Mythbusters: Payday Lending Version, Part II

Last year I analyzed four myths about payday lending that the Pew Charitable Trust’s “Payday Lending in America” project proved to be highly suspect in the first iteration of their study on borrowers. Their newest report (How Borrowers Choose and Repay Payday Loans) goes into more depth, revealing a love-hate relationship between borrowers and high-cost, short term loans. The report tells a conflicting story of dependence, need, stress, relief, and any other emotion associated with finances that you could think of. Borrowing from the Mythbusters again, here’s the skinny on Pew’s new report.

Myth 1: Payday loans are mostly paid back.
Truth: There is some truthiness going on here. Pew’s recent study finds that borrowers renew their loans or take out back-to-back loans in order to prevent defaulting. Only 14 percent of payday borrowers can repay their loans from a monthly budget. At some point, most borrowers inevitably default, require a cash infusion from family or friends, or use a tax refund (1 in 6) to pay off their loan debts.

Myth 2: Payday lending is an alternative for overdraft fees from checking accounts.
Truth: More than ¼ quarter of borrowers stated that payday loans caused their overdraft fees. The loan and overdraft fees are not mutually exclusive.

Myth 3: Borrowers think the terms are fair.
Truth: Again, there is some degree of truthiness about this. It is less about fairness but more so about ease of access, desperation, and perceptions. Some 55 percent of borrowers reported that loans take advantage of borrowers. What’s more, perhaps the most revealing finding is that 37 percent would borrow on any terms. When people get desperate, it’s no surprise that they’ll do desperate things.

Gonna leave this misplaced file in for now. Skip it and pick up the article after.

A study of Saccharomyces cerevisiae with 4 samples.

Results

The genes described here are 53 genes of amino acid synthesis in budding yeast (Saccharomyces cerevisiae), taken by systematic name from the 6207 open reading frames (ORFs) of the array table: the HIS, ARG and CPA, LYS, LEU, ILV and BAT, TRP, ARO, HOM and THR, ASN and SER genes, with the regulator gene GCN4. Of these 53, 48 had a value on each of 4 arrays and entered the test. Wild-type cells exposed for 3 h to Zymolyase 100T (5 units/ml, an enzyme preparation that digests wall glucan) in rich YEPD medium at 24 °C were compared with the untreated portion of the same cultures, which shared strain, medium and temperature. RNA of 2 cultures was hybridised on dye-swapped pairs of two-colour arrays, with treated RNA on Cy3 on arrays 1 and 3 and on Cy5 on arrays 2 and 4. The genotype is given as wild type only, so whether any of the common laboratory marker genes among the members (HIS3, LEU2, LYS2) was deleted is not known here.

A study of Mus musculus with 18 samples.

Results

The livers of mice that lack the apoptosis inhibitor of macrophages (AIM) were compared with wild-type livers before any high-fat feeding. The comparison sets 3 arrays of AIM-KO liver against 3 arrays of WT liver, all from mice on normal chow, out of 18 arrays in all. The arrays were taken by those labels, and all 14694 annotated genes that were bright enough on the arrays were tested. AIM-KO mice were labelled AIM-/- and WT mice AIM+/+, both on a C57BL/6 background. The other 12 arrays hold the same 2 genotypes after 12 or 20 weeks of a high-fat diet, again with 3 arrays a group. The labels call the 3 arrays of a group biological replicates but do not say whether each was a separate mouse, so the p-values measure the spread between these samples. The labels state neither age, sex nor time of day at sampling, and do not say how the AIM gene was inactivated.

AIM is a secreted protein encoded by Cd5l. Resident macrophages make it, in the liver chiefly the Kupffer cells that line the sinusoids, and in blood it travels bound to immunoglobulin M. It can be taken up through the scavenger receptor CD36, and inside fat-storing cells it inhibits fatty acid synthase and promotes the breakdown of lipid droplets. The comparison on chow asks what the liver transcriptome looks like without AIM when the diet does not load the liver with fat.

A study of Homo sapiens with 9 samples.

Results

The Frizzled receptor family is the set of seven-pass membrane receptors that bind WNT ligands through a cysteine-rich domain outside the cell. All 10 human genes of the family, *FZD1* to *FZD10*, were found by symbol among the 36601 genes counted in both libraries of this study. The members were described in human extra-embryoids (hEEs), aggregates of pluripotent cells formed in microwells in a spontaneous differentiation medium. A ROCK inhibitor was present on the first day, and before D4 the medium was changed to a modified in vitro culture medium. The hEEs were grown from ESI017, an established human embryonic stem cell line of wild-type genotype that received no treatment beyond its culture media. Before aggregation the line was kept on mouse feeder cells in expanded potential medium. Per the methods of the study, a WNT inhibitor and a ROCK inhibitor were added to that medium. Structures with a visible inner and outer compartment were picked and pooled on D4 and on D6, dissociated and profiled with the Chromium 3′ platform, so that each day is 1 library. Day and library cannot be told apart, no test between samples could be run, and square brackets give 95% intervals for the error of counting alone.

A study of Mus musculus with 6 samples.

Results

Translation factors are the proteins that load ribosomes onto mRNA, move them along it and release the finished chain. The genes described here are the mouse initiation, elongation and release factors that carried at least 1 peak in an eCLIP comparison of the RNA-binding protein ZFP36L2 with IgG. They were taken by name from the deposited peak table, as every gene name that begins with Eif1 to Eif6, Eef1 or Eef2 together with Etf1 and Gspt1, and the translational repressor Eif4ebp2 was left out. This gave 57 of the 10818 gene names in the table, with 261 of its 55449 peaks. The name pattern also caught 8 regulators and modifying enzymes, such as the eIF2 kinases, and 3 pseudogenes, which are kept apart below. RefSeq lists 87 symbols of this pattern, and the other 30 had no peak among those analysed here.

The overall challenge with payday lending is that families lack income and assets to support their families. As one borrower remarked, this relationship between borrower and loans is sweet and sour. Sweet when there is some immediate relief but sour after the loan is made. Payday loans turn out to be a real problem for most customers, but the root here isn’t these terrible products. The root of the problem is the inability to earn income, set aside assets and build financially secure households. Fighting off the worst terms of the worst products is just a delaying measure until we can fix the structures and systems that aren’t serving the American people very well.

Author:

David Rothstein is research fellow in New America's Asset Building program. He is also a researcher at Policy Matters Ohio and project director for the Ohio CASH Coalition. There, David researches and advocates on asset building, consumer protection, tax and housing issues.